Iceland | 2018 | Directed by Joe Penna

Logline: Stranded in the Arctic after a plane crash a man is forced to embark on a dangerous trek across the inhospitable landscape in search of rescue. 

After a series of short films and television episodes ex-pat Brazilian writer/director Joe Penna turns his hand to the classic survival genre where a resourceful man is pitted against the ruthless natural elements and has hope tugged and whipped out of him. It might not sound much like an entertaining night at the movies, but Penna delivers a thoroughly gripping exercise in narrative efficiency. 

The always brilliant Mad Mikkelsen plays Overgård, an Arctic pilot whose plane has crashed on the tundra. He is seen tending to his makeshift fishing holes and windup radio beacon at the start of the movie. It appears he’s been stranded for several days already, maybe longer, making use of the limited tools and supplies he has. He has to ration the fish he catches, and maintains a tight routine, via his watch alarm, activating the radio beacon and checking his bait line. There’s pretty little else to do. Except sleep, and thankfully the plane’s fuselage provides the essential shelter. And hope. Hope looms large.


A distant polar bear catches Overgård’s scent, but thankfully isn’t interested, since the creature has probably just eaten. Whew. But it’s only a matter of time before he and the polar bear will encounter closer quarters. Hopefully the man will be rescued before then. Surely. Yes, a helicopter swings by, but the wind gusts are too strong for the whirlybird to land. Overgård watches aghast …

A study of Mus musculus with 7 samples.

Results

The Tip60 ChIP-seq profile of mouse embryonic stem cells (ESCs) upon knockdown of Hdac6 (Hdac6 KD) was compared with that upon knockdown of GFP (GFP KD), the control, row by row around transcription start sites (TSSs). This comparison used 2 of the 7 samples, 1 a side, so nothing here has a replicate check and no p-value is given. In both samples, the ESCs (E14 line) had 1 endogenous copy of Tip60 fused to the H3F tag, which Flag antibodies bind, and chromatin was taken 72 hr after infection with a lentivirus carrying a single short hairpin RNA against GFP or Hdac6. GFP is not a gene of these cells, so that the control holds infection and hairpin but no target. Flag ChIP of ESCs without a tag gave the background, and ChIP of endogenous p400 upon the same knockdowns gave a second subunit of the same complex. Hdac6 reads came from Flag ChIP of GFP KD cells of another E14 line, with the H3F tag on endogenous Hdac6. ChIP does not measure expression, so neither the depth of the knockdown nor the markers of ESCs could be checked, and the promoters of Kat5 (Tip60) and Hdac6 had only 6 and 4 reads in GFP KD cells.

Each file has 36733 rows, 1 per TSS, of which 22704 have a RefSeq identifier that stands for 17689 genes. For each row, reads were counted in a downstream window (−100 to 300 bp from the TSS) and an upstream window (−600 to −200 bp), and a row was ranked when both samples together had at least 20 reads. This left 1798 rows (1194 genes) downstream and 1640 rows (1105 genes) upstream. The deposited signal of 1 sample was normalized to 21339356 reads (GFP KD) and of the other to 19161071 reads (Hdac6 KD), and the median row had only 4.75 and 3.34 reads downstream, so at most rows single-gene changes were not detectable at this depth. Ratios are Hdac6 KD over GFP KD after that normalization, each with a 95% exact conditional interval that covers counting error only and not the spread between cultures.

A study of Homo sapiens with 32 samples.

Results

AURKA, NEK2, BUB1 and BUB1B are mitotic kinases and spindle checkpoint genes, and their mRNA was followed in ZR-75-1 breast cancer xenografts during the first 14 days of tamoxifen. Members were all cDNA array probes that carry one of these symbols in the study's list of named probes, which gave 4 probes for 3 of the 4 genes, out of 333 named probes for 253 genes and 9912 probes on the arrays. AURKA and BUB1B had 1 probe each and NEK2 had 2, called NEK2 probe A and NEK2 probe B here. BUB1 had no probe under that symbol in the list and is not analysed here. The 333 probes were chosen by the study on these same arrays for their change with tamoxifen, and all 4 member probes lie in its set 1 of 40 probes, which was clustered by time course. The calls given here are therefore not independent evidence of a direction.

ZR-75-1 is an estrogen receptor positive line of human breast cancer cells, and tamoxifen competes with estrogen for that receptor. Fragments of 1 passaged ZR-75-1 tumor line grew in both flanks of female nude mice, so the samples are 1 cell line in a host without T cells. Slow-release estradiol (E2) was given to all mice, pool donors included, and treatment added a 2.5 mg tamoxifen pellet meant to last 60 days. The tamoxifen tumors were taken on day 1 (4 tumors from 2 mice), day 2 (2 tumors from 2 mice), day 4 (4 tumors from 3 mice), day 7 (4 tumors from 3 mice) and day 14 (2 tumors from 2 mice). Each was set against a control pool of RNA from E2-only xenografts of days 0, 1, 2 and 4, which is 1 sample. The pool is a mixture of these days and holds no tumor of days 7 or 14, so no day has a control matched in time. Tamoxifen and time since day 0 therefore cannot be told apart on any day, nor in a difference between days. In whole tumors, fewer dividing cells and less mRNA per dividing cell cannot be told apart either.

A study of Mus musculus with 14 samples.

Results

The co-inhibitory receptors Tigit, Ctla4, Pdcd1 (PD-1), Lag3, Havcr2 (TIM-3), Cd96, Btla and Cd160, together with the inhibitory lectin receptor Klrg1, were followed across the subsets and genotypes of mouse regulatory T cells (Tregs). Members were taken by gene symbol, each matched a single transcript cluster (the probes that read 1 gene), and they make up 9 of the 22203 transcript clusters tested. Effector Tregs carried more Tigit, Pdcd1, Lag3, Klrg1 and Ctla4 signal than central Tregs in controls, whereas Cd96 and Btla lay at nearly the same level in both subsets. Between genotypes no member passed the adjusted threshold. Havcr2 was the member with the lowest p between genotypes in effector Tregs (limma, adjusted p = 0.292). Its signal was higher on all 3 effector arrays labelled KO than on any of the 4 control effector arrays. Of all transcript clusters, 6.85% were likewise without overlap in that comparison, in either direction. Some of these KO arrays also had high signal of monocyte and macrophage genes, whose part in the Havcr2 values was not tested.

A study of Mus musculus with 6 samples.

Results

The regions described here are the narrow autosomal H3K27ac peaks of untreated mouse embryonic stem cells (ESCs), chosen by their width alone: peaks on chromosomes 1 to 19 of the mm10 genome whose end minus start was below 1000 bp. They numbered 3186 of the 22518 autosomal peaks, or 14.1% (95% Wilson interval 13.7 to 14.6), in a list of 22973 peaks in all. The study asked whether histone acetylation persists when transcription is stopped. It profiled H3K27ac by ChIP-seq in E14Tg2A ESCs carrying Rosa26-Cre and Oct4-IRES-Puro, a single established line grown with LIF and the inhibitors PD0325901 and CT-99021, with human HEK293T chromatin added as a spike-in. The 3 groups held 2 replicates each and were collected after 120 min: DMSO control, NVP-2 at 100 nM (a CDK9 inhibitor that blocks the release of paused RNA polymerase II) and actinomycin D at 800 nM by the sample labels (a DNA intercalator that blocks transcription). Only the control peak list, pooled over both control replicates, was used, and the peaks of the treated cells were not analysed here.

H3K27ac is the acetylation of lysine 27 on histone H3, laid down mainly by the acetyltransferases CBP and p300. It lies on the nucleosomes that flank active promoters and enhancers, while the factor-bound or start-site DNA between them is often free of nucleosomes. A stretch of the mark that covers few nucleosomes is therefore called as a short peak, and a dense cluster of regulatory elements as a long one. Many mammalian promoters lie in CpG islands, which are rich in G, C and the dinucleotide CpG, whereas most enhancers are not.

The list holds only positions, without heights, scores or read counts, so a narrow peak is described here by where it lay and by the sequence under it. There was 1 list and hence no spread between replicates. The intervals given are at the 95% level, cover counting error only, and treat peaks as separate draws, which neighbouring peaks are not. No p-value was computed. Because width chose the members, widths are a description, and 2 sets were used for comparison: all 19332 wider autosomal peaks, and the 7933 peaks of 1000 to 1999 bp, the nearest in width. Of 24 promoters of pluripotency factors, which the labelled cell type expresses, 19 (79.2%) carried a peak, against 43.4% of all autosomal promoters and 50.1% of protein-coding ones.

With little-to-no dialogue, and an excellent ambient score from Joseph Trapanese, Penna delivers a superb vehicle for Mikkelsen. It reminds me of another recent survival flick, All is Lost with Robert Redford struggling alone on a damaged yacht on the open sea. Both excel with a pared-back narrative, with just the bare mechanics of weathered emotion and psychological resilience and the wrath of nature on display. 


Survival movies are like horror movies for realists. A nightmare scenario made absolutely palpable. If the production values, direction, and acting are top notch, a sense of authenticity is heightened, and the movie will pack true visceral thrills. Unlike many low-budget exploitation-style survival movies, like the ones popular in the 70s, Arctic makes the viewer feel like they are watching a fly-on-the-wall documentary. 

Made on a micro-budget (by Hollywood standards) Penna shot the movie over 19 days in Iceland, and Mikkelsen regarded it as the most difficult experience of his career. Although it’s not the first time he has commanded a picture with almost no dialogue set entirely outside, as he played a Viking warrior in Nicolas Winding Refn’s masterful Valhalla Rising


Arctic is a mostly hushed and desolate journey, with the exception of a truly hair-raising encounter with a hungry polar bear - but we knew that was coming. Of course, Overgård’s plight is brutal, there is no denying that, just as any arduous trek across an unforgiving landscape would be, and Overgård has his work cut out for him, as he valiantly attempts to save not just his own life. It becomes the classic scenario of will he make it, or will he succumb? Penna pulls all the right strings at the right time, and delivers one of the best examples of the genre, and my first favourite for the year.